But it’s not all bad. Reading the stars, I mean. After all, the universe tells us huge truths about what really matters . But maybe the real questions are these: who is it referring to and how do we listen?
Don’t get me wrong – I’m all too interested in me. Despite this, I’m not persuaded that the cosmos centres around my love-life or choice of breakfast cereal. (Unless of course, it’s a toss-up between Weetabix and Crunchy-nut. Definitely one for the Great Bear).
Similarly, have the planets aligned simply to announce that I will get a parking space? Or a gift from Great Aunt Ellen? Do I really require the mediation services of Justin Toper? Was there a time when Russell Grant was not? And if so, how did the ancients understand the phrases ‘Tall dark stranger’ or ‘lottery rollover’?
Plus there’s the niggly issue of the Bible. Don’t go poking around in astrology, it says – but not, I suspect, because the universe speaks bunkum. Rather, it’s like Homer Simpson manning the nuclear power plant. ‘ Step away from the lights and walk towards the doughnuts, human. You don’t know what you’ll messing with’.
Those wise men for example. They didn’t buy their qualifications online. And they didn’t scan the night sky for tips on the 2.14 at Aintree. Instead, God spoke to them. He pointed them to the star. It wasn’t a coded message to change their moisturiser. It was the birth all creation had been waiting for. It was about Jesus.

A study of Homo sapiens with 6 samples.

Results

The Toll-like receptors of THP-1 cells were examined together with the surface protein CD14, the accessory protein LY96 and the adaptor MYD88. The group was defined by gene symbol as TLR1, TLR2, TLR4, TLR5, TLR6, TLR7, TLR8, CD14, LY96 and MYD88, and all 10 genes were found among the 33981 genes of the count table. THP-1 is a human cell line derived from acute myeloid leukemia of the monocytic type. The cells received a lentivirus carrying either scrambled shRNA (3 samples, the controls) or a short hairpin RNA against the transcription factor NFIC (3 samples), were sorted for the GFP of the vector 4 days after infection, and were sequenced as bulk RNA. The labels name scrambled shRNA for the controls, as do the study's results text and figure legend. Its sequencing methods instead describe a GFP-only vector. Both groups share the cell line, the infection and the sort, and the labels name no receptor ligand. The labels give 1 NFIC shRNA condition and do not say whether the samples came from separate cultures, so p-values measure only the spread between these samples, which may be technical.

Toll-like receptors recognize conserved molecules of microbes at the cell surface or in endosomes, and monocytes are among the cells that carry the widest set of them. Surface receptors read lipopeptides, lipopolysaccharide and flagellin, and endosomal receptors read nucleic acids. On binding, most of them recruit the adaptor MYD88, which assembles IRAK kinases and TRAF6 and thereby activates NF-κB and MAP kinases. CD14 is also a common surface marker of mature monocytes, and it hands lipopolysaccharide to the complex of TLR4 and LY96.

Nor is this surprising. After all, life is about one thing only – knowing Him. Like the hymn says, it was his hands who flung the stars into space. As the Psalms remind us, every skerrick of creation points inexorably to Him. The whole cosmos is about Jesus, its Creator and Redeemer.
Now, maybe we can’t read creation the way we want. But hey, that’s ok. We don’t need to. God has written us a love-letter instead. In fact, He’s penned a whole series of ‘em – everything we need to know about life, death and, most thrillingly – about Him.
Perhaps when I’m seeking guidance in the future, I’ll give Mystic Meg a miss. Now there’s a prediction.